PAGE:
Officers testify in Schenectady woman's murder case
Hearing held on admissibility of Nelligan's statements
SCHENECTADY Officers arriving at 23 Mynderse St. the morning of Feb. 23 found Gloria Nelligan upstairs trying to do CPR on her grandson, an officer testified Friday.
As paramedics took over, city police Officer Mike Pommer directed Nelligan downstairs to let the paramedics work.
He also tried to get information that might help in treating the boy, including what happened to him, on what was then a medical call for an 8-year-old boy.
Nelligan told the officer that her grandson, Sha’hiim Nelligan, hit his head in the bathtub, Pommer testified.
“She said she was trying to give him a bath and Sha’hiim had an outburst and began flailing his body around and struck his head on the bathtub,” Pommer testified Friday.
Pommer testified at a pre-trial hearing in the second-degree murder case pending against the grandmother. The hearing was held to determine whether statements Nelligan made to police are admissible at trial.
Nelligan was arrested the day after the boy’s death, accused of causing it. Authorities have said it wasn’t a fall that caused the boy’s death, but a sustained beating by his grandmother.
In the end, swelling was so severe, prosecutors have alleged, that his heart finally stopped for lack of blood.
Pommer was one of a number of witnesses to testify at the hearing Friday, including police officers, investigators, paramedics and firefighter-paramedics.
The testimony shed new light on Nelligan’s account of what happened to the boy, for whom she was guardian.
According to various witnesses, she told authorities the bathtub injury was one of several incidents of the boy acting out — in which he would hurt himself — in the days leading up to his death.
The acting out, she told authorities at the scene, started after the boy’s biological father came back into the picture, apparently through a phone call.
The exact time of the alleged bathtub incident was unclear. Defense attorney Mark Caruso attempted to suggest it was nearer to 1:30 to 2 a.m. Pommer’s testimony would have placed it at around 8 a.m. Nelligan called 911 just after 10 that morning. The significance of the time was unclear.
Paramedics also heard Nelligan tell authorities that the boy had been alert 10 or 15 minutes prior. At some point in the morning, apparently after the bathtub incident, the boy expressed he was dizzy, she told Pommer. She had him lie down.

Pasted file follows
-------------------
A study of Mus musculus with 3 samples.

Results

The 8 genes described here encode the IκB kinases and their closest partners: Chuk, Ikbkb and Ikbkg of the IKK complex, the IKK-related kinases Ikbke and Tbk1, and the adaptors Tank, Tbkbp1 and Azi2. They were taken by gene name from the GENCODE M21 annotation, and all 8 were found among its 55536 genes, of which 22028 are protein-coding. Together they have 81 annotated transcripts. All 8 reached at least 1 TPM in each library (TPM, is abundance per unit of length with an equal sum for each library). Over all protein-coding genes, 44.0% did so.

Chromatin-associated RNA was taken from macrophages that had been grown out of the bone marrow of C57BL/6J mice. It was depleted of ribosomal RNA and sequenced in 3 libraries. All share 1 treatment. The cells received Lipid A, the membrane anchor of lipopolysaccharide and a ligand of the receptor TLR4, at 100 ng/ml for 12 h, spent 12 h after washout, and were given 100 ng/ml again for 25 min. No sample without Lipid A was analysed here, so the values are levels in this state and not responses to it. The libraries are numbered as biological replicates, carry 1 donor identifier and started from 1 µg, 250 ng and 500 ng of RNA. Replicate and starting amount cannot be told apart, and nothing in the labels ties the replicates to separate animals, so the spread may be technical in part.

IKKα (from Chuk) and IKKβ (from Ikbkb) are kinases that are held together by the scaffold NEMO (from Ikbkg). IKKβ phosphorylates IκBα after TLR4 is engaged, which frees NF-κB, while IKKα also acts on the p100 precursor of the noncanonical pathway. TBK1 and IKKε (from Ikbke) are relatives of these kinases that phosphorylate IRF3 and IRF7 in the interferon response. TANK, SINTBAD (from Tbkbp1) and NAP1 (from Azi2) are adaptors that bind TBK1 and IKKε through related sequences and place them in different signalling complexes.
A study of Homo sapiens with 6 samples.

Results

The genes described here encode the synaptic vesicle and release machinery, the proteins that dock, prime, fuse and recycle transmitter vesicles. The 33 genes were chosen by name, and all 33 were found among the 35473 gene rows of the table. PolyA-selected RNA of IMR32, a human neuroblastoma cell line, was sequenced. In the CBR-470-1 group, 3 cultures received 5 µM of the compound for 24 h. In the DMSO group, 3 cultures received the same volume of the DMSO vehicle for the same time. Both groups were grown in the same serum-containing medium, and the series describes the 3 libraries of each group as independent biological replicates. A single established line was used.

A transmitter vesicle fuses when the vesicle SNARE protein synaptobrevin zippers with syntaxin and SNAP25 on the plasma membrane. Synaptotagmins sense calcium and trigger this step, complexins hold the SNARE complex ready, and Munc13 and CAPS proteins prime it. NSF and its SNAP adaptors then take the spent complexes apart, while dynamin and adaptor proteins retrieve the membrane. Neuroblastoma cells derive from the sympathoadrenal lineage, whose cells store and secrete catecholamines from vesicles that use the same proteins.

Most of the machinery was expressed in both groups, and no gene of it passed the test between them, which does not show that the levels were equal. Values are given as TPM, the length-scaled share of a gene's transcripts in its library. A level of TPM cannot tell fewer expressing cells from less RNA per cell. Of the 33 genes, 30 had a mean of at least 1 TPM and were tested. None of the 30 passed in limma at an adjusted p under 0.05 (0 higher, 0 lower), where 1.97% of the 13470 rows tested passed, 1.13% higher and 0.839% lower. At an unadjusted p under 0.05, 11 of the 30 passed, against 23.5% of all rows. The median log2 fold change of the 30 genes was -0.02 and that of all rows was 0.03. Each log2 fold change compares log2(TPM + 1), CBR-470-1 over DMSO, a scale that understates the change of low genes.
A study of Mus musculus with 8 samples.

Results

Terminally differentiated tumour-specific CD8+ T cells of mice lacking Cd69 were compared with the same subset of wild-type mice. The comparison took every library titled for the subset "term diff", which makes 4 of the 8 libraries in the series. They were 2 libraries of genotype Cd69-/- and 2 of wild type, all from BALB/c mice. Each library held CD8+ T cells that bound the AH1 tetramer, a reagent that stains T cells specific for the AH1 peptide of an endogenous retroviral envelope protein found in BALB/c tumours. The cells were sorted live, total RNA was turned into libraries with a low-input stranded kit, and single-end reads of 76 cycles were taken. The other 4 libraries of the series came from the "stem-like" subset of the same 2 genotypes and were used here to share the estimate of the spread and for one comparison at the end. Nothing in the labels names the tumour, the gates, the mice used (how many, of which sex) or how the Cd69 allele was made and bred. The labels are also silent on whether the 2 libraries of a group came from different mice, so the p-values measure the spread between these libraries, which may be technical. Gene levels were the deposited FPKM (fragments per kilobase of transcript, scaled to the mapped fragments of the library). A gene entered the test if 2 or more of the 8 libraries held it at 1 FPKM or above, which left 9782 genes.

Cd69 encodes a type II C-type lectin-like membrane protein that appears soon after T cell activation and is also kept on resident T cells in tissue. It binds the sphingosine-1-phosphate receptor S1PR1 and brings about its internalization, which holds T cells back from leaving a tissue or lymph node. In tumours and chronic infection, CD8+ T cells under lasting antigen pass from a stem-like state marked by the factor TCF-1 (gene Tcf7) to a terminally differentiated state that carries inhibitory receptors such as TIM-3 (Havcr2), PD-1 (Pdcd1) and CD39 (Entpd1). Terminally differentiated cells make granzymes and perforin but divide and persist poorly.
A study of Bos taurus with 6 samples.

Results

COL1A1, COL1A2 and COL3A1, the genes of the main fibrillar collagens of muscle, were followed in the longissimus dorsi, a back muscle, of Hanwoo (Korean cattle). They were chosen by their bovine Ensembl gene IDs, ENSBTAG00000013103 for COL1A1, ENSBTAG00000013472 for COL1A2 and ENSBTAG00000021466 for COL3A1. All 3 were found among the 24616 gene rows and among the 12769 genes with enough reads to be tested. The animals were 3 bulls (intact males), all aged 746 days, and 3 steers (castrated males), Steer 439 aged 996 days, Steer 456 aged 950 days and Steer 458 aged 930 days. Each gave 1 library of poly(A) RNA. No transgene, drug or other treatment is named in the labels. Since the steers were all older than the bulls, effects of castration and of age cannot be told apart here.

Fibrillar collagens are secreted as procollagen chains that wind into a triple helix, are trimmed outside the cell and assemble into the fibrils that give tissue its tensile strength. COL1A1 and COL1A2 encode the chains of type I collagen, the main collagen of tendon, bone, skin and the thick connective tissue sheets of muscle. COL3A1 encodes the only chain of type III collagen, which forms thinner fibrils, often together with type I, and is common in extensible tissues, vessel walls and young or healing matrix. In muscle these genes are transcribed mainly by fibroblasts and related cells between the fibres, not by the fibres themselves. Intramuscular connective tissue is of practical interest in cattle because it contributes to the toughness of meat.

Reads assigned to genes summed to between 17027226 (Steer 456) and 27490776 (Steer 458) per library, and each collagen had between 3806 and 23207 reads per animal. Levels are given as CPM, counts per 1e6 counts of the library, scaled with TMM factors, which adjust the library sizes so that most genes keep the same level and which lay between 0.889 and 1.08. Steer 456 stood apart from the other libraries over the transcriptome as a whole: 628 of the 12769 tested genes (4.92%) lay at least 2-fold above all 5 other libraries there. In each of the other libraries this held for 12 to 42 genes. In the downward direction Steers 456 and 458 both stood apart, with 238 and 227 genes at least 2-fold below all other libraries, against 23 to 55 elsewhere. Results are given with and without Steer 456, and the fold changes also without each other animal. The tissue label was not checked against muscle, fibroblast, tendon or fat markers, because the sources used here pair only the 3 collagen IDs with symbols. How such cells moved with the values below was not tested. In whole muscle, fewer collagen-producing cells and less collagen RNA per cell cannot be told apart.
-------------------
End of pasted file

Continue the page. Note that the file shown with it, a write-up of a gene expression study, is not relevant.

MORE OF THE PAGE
She said she heard a “thud” and went to check on him and found him on his bedroom floor. She then called 911.
One firefighter-paramedic also testified to seeing bruises on the boy’s body.
Nelligan, 43, of 23 Mynderse St., faces one count each of second-degree murder and first-degree manslaughter.
According to the murder indictment, Nelligan killed her grandson “under circumstances evincing a depraved indifference to human life” in which she “recklessly engaged in conduct which created a grave risk of serious physical injury or death.”
Presiding over the hearing is Judicial Hearing Officer Michael Eidens. The case is being prosecuted by Christina Tremante-Pelham, who questioned the witnesses Friday.
Another officer, Sgt. Paul Palmer, testified that he heard Nelligan say Sha’hiim was acting out earlier, and that he was rubbing his lips on the wooden kitchen floor to make them bleed.
Pommer described Nelligan as calm during the questioning at the house; Palmer described her as upset, but calm enough to answer questions.
Because of the beating, Sha’hiim suffered swelling in his brain and then his heart finally stopped, Schenectady County District Attorney Robert Carney has said. The official cause of death was “hypovolemic shock and cerebral edema due to multiple blunt force impact injuries,” according to the District Attorney’s Office.
Prosecutors have said the beating was done over a day and a night.
Nelligan is also accused of failing to provide the child sustenance, as well as timely medical attention.
Sources have said that an alleged theft may have led to the beating. Sha’hiim apparently took a pack of gum from a nearby store and his grandmother found out. She then took him back to the store and made him apologize, sources said.
Her anger spilled over that Friday, sources said, possibly leading to the beating of Sha’hiim.
Nelligan’s direct account to detectives the next day at the station was not discussed in court.
That is expected to come with the continuation of the hearing next month and the testimony of lead Detective John Hotaling. Hotaling has been off the job since April, accused in a road rage incident in Glenville.
But, in questioning other detectives who interacted with Nelligan the day after the boy’s death, Caruso suggested that, while his client’s account became more detailed, it did not change as a result of questioning.